As far as managing diabetes is concerned, exercise is the best drug. It improves your body’s sensitivity to insulin, helps you sleep better, relieves stress, keeps your heart healthy, and is critical for maintaining weight loss. Having trouble starting or maintaining a fitness program? Check out Christel Oerum’s new ebook, Fit with Diabetes.
Christel, a personal trainer and diabetes coach who has type 1, founded the website DiabetesStrong (formerly The Fit Blog). My exercise life was hit or miss until I signed up for one of Christel’s diabetes fitness challenges early last year.
During the challenge, I learned how important resistance training is to a fitness routine. I also discovered a treasure trove of exercise videos on Christel’s YouTube channel covering cardio, dumbbell workouts, and even some yoga. What I like about the videos is that I can do them at home or when I’m in a hotel room. Each routine is roughly seven minutes long and you just repeat it three or four times depending on how much time you have available.
I saw such positive results from the workouts, my husband started doing them too. And, every time my 6-year-old niece comes to visit, she asks “Can we exercise?” Her favorite is the low-impact aerobics video with the “shuffle, shuffle, curtsy” routine.
What You’ll Find in Fit with Diabetes
Christel has distilled her advice into 82 pages of education, tools, and tips. Fit with Diabetes covers:
- Goals and Motivation
- Diabetes and Cardio
- Diabetes and Resistance Training
- Finding Your Formula
- How to Design a Workout Program
- Healthy Nutrition
- How to Find Your Daily Calorie Need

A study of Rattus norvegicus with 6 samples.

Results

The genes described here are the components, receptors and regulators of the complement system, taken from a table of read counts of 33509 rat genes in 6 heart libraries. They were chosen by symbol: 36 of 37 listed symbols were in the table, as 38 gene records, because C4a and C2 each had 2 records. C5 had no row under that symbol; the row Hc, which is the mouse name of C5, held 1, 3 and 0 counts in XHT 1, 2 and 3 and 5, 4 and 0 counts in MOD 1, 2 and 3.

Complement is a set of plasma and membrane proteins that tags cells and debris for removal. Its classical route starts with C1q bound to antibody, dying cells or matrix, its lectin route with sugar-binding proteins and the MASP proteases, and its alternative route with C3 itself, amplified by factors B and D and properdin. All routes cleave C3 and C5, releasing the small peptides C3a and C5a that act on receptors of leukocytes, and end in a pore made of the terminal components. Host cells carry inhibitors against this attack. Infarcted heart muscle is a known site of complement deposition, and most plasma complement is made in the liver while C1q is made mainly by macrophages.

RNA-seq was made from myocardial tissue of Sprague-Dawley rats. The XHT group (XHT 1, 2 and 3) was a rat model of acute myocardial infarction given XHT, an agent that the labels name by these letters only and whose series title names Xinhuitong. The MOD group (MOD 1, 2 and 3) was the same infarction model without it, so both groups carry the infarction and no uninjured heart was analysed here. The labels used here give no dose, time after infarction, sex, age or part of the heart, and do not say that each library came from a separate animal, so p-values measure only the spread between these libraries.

- Meal Planning
- How to Lose Weight
- Other Healthy Habits
Who Will Benefit from Fit with Diabetes
As I mentioned, Christel has type 1, so there is a lot of advice in the ebook about coordinating exercise with insulin. However, even if you have type 2 or prediabetes, you’ll find a ton of relevant information. Topics like understanding the importance of setting realistic goals, how aerobic and anaerobic exercise may impact your blood sugar differently, and healthy nutrition apply to everyone.
I also love Christel’s emphasis on writing everything down. Without data, you can’t analyze your results to know what works best for you. Like Christel, I’m a big believer in logging everything. I also frequently reference the advice I once heard at a diabetes support group meeting about checking blood glucose before and after workouts.
If you want to start exercising, but feel overwhelmed, shuffle, shuffle, curtsy your way over to the DiabetesStrong website and grab a copy of Fit with Diabetes. You’ll learn a lot and just may find the motivation you need.